Although these things add up to a substantial reduction in your spending, few changes you can make pack as big of a bill-reducing punch as replacing your old windows. And it's for more reasons than you may think.
The more window panes you have, the better.
If you've never replaced your windows, it's likely that they're only single-pane glass. This means that there are only a few millimeters between the inside of your home and the great outdoors.
New windows take a different approach, using multiple panes of glass in their design. But that's only a few more millimeters of thickness, right? True, but the panes are separated from each other, creating a pocket of air that acts as insulation and helps maintain the temperature on the inside of your home. According to the U.S. Department of Energy, Replacing old windows with ENERGY STAR qualified windows can lower a household's energy bills by 7 to 15 percent. (Learn more about the anatomy of an ENERGY STAR qualified window)
Low conduction means high savings.
Take a look at your window frames. Are they aluminum? Steel? Any kind of metal? Probably so. Metal-framed windows are excellent at conducting hot and cold temperatures. This is not a good thing. It means that the temperature outside is flowing inside your home almost as if the window was open. Makes you wonder why they can even close, doesn't it?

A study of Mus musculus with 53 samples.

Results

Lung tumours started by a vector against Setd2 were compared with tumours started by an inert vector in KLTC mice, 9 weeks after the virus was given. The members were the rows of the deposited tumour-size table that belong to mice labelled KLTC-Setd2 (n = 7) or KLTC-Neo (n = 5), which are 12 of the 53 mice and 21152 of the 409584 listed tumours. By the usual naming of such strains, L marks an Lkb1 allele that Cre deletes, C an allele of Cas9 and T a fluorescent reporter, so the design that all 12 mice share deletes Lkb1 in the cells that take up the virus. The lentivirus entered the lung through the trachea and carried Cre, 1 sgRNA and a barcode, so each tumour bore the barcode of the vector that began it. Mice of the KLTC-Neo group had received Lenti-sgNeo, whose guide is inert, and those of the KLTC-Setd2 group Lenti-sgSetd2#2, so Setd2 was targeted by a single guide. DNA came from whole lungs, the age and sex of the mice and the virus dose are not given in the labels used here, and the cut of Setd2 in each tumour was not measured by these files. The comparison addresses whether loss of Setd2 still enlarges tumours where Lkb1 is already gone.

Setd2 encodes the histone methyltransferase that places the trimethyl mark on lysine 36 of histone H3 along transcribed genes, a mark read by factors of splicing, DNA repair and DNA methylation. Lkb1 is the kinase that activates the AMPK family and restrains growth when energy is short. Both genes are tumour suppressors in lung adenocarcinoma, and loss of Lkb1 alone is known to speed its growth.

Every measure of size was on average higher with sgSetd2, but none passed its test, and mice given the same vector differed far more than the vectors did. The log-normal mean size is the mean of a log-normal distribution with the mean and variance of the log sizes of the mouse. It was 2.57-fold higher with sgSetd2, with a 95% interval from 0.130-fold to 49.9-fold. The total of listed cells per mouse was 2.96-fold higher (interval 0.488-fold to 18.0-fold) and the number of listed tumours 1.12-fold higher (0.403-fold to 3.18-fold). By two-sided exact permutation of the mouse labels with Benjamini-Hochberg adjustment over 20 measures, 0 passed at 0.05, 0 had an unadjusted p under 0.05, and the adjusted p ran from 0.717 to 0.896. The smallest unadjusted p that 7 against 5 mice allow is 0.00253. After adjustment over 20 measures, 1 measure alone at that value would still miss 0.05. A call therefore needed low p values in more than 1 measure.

If you look at how new windows are framed, you'll find materials like vinyl, wood, and fiberglass. All these materials are great at insulating rather than conducting heat and cold-many windows are even built with insulation within the frame. This makes for a much more efficient barrier between the temperatures inside and outside your home. And if your windows do a better job at blocking the outside temperature, your furnace and air conditioner don't have to work as hard to keep it comfortable inside. That's called a win-win in utility bill terms.
Just what is low-E?
It used to be that glass was just glass. Not anymore. Not only do you now find tempered glass that adds thickness, durability, safety, and insulation, but there has also been a rise in low-emittance (or low-E) technology. This microscopically thin coating on glass has three primary purposes, which all work together to impact your utility bill in a positive way.
First, it acts like sun block for your home, allowing minimal solar heat to pass through and radiate inside during the summer. Second, it acts like a jacket, preventing heat from escaping through your windows in the winter. And third, it's a bit like a layer of (clear) tinting that allows plenty of visible light through while blocking harmful rays. And all that natural light can also reduce the need for expensive artificial lighting. Again, it's another win-win.
Ready to trade in those old windows for some new, energy-efficient, cost-saving windows? You can find excellent window contractors in your area on Kudzu.com. They can consult you on the best windows for your home and install them for you.